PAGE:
Flawed win raises concerns

College football poll voters - some of them, not all of them – have a bad habit.

Because coaches and writers are typically busy at stadiums on Saturdays, many look at final scores and a few highlights, rather than deeper looks at the games themselves, to make their determination on which teams rise and fall.

It's a lazy practice – and one that will help Clemson this week.

On the surface, the No. 9 Tigers' 40-27 win at Maryland showed the offense had shed some of the woes that plagued it the past two weeks and avoided any potential hangover from the Florida State debacle.

A closer view, however, is far more concerning. The Tigers were sluggish in the red zone. They turned the ball over. They gave up a big pass play.

They looked like a team that has a long way to go to prove itself worthy of a BCS at-large bid, which appears to be the biggest goal left on the table this season.

All week long, Clemson coach Dabo Swinney and players sounded confident that they'd put the Florida State loss behind. They said they started in the locker room immediately afterward, and finished the job with Monday morning's typical team film review.

For all the pablum that players and coaches dropped about "not letting one loss beat you twice," it didn't appear to sink in.

The Tigers were fortunate to be up 16-7 at the half on a depleted Maryland team that was missing 17 players – including dynamic receivers Stefon Diggs and Deon Long – out for the season. In addition, starting quarterback C.J. Brown sat with a "trunk" injury, replaced by backup and Landrum native Caleb Rowe, and leading rusher Brandon Ross sat with a shoulder injury.

The first half continued some of the same themes of last week's 51-14 bludgeoning by Florida State: poor secondary play and poor offensive play in plus-territory.

Before Tajh Boyd's rollout toss to Jordan Leggett, the Tigers' offense had made four trips into the red zone with nothing to show for it, save three Chandler Catanzaro field goals. "We probably could have put this game away a lot earlier if we capitalizedand do a better job in the red zone, goal line package," Swinney said. "We'll have toreally go back and see what our issues were there. But that was the biggest disappointment."

And Maryland's only score came on a 71-yard catch-and-run touchdown by Levern Jacobs, with safety Travis Blanks taking an awful angle that opened up the middle of the field for an easy sprint to the end zone. It earned him a lengthy benching in place of freshman Jayron Kearse.

With Boyd playing on a clearly injured left knee, one of the things that makes his game so effective – picking up first downs and short-yardage plays with his legs – was severely limited.

And Maryland knew it.

Clemson didn't help itself, either.

A Sammy Watkins fumble at the Maryland 26 turned into a field goal only after help from the Tigers' defense.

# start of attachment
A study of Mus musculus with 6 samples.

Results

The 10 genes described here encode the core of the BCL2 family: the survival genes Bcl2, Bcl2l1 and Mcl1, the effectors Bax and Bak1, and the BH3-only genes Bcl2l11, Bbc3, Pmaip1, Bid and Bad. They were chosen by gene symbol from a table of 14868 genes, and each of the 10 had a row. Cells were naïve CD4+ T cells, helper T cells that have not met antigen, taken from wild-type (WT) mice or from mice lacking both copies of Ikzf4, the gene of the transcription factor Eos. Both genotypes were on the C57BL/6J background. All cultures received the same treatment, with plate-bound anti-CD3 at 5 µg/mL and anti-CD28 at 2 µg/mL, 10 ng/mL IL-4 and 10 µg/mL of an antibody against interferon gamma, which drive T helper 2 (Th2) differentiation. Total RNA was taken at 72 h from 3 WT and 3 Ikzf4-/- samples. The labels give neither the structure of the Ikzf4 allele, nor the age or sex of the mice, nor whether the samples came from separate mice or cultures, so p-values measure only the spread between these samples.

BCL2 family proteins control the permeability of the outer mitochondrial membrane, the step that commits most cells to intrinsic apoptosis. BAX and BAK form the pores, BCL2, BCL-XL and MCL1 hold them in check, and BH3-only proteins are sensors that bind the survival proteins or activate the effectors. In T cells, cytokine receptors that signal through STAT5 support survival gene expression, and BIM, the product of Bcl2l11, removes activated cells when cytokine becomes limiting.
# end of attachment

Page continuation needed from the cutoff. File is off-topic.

Same went for a Rod McDowell fumble at the Maryland 23, and the Terrapins crept within 16-13. Following a drive that nearly ended with a Boyd interception at his own 30, save a timely Martavis Bryant breakup, Clemson gave the ball back to Maryland leading only 19-13 as the fourth quarter began.

There was reason for concern.

"Anytime you're on the road, you're kicking four field goals, but you're driving the ball, it allows the other team to kind of stay alive," Swinney said. "We had a chance to put them away and didn't do it with that."

They needed some help from their defense.

And they got it.

Cornerback Bashaud Breeland made the biggest play of the game, forcing an Albert Reid fumble that Spencer Shuey recovered and returned to the Maryland 22.

That play – along with a pair of tough Boyd runs – finally broke the Terrapins. When Boyd crashed in from five yards out, it felt as if a weight had been lifted from the Tigers' shoulders.

Suddenly that one-score lead was 13 points, 26-13. Maryland wore down, as one might expect from a team as beat-up as the Terrapins are. And Boyd's balky knee didn't look quite so injured on a 41-yard pass to Martavis Bryant, or a five-yard run that extended the lead to 20 points.

And an ineffective run game finally got cranking; McDowell cracked 100 yards on the ground for the first time since the opener against Georgia, and the Tigers rushed for 238 yards as a team, their first 200-yard rushing effort of the season. Those numbers, however, hide cracks in the foundation.

Clemson committed three turnovers, running its total to nine in the last three games after committing four in the first five games.

Sammy Watkins caught a Clemson single-game record 14 passes for 163 yards, but once again, Boyd struggled to find a consistent second option beyond his superstar.

He completed 28 of 41 passes for 304 yards with a touchdown and an interception, but again looked unsure of himself at times in the pocket (although his knee injury could have played a factor).

Against a more accurate quarterback – Rowe completed 19 of 45 passes for 282 yards – the Tigers would have been in serious trouble. The little things Swinney and Co. spoke of all week – footwork, handoffs, turnovers – looked scarcely improved this week.

Will it matter in the short term? Probably not.

Next week brings a trip to a 2-6 Virginia team in utter freefall under embattled coach Mike London. And following an off week, Clemson should be favored over Georgia Tech and The Citadel at home.

But to make a BCS bowl and take a step forward from 2012's 11-2 mark, the Tigers will have to break their four-game hex against South Carolina – in Columbia, no less.

And unless significant improvement happens, it'll be hard for Clemson fans to feel confident entering the final Saturday in November.

If voters just look at Saturday's final score, the Tigers will remain in excellent position, despite their flaws.